LONDON: When I was studying in the Soviet Union, during Gorbachev’s last, faltering months, my landlady used to take the dog out for a walk at nine o’clock every night. For weeks I put this down to routine, until I once accompanied her and found several other local residents doing the same thing. Standing within walking distance of the Smolny Institute, where Lenin organized the Russian revolution, they would discuss the perils of Perestroika as their dogs chased their tails.
The timing, it turned out, was not accidental. They called it “Dog Hour” — the time when the state-sponsored news programme, Vremya, came on. They had no interest in watching it because they could not bear its lies.
None had any inkling that this superpower was poised to implode in the precipitate and chaotic manner that it did. The Party still reigned supreme and the state was armed to the teeth. But what was evident from this playful act of subversion is that the system had lost not only the capacity to deliver goods and services, but also the ability to present itself in a manner that people could find at all credible. Having lost all influence, all it had left was power.
Watching the business news the past few weeks, I have had the urge to take quick walk around the block myself. As a litany of corporate giants collapse under the weight of their own deceit it is impossible not to question the authority with which the endless stream of results and forecasts are cited and the integrity of those who have produced them.
So claims that these recent scandals are one-off aberrations are as believable as an Arthur Andersen balance sheet. Since America came down with Enron, a veritable rash of fraudulent accounting, dishonest practices and creative number crunching has emerged. The most common prognosis is that even more are to come. We have been warned to brace ourselves for an epidemic.
Research by the (London) Times last week showed that 10 of Britain’s leading 16 insurers have between them booked up to pounds sterling 5.7 billion ($8.6 billion) in profits that they have yet to earn, to boost the appearance of their financial strength.
We are no longer referring to a rogue, eccentric individual such as Nick Leeson, but an entire culture rooted in practices which either border on or venture into the criminal. Tales that were once put down to isolated, bad chapters in the story of capitalism’s otherwise unyielding cultural and economic hegemony are now shaping the narrative of its moral dislocation and systemic corruption.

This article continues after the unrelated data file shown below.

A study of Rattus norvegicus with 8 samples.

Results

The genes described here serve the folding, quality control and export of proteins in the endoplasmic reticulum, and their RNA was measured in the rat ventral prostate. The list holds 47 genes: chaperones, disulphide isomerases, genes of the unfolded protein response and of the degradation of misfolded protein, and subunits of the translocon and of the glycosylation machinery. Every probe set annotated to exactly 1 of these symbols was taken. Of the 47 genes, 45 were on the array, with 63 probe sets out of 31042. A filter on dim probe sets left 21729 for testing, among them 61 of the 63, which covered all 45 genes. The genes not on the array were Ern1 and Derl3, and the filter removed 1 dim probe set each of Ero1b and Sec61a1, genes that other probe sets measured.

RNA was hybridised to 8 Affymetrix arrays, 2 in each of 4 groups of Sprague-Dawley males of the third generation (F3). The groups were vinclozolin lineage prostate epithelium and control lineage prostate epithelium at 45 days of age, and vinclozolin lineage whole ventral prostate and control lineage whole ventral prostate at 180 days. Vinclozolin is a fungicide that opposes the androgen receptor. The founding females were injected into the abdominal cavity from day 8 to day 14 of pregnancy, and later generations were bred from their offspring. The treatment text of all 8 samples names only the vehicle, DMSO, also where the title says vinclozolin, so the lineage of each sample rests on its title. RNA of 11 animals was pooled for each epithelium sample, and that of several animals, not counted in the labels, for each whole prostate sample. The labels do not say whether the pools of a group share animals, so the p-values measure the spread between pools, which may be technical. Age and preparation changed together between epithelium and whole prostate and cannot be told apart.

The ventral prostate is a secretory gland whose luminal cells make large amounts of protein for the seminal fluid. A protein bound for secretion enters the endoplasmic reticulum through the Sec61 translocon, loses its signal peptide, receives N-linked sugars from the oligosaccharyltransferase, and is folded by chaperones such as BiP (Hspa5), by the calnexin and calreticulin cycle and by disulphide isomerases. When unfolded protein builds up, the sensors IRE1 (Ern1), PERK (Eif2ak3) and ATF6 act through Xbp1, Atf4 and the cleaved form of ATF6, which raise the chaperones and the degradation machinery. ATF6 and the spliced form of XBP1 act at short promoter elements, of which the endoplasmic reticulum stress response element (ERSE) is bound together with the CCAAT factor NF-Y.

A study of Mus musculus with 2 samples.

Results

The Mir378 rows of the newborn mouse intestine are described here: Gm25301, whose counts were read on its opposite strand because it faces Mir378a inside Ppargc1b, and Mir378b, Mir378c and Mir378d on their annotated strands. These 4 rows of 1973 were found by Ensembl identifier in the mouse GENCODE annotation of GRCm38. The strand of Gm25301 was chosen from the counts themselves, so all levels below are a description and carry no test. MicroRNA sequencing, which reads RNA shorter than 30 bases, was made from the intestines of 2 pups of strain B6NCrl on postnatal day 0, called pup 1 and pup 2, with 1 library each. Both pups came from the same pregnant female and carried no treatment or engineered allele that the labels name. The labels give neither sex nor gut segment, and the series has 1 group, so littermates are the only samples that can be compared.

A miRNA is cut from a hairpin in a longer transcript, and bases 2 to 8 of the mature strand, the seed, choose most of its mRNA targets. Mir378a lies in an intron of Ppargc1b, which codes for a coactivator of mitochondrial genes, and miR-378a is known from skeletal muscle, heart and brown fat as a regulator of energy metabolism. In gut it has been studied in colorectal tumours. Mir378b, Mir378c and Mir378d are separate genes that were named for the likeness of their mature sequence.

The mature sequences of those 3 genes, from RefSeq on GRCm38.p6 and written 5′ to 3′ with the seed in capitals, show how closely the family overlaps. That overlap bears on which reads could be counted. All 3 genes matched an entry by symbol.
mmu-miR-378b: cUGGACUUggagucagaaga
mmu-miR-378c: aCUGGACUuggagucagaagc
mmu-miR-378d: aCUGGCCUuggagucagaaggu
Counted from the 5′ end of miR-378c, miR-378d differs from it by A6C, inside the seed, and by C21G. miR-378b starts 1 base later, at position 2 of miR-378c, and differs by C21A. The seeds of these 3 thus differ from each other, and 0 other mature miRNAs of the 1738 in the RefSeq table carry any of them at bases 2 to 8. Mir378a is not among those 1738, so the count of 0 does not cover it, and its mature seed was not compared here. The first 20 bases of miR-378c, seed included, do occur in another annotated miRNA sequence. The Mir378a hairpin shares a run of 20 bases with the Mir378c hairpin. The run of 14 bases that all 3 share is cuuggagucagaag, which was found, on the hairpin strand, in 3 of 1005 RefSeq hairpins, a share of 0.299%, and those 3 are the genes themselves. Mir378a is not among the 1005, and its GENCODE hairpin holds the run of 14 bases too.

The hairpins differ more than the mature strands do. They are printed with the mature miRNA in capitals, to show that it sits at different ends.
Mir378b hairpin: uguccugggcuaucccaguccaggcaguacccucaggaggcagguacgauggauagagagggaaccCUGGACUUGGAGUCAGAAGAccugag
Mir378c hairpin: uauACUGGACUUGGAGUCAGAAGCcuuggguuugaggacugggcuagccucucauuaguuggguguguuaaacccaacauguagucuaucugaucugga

“Indeed, many CEOs think this kind of manipulation is not only OK but actually their duty.” The rot had set in way before Enron. A combination of overly compliant governments and weak unions during the late 1980s and 1990s has bred a generation of arrogant business leaders whose appetite for excess knows no fiscal, let alone moral, boundaries.
At Wimbledon, hospitality suites are doing a roaring trade. J.P Morgan, one of the banks most heavily exposed to WorldCom, is entertaining to the tune of pounds sterling 16,000 ($24,000) a day.
IBM, which recently announced a 32 per cent drop in first-quarter profits, has a suite costing pounds sterling 20,000 ($30,000) a day. Business is the only source of British charitable revenue that is giving less in real terms than it was 10 years ago, according to a National Council for Voluntary Organizations survey.
Gone are the days when to point out such discrepancies would smack of class envy. The consensus that once took root, of a corporate world that offered choice, efficiency and entrepreneurship, has long since crumbled. In its place is a reputation more commonly associated with sleaze, excess and conceit.
In that sense the criminality and fraud most recently exposed in America serve to confirm and compound the popular belief that we are afflicted with a decadent, global corporate class, rather than contradict it.
Over the past 20 years we have been encouraged, enticed, cajoled and coerced into becoming dealers, either directly or by proxy. Prosletysers for profit set out to make capitalism popular; simultaneously evangelists for small government set out to make it necessary.
No longer able to rely on the state for pensions, homes and future security, many felt they have had little option but to turn to the market. In Britain, the number of those who own shares has leapt fourfold since 1979, the year that the Thatcher government was first elected.
Big business has been careful. And with every accounting scandal, it emerges as far less than the sum of its parts.—Dawn/The Guardian News Service.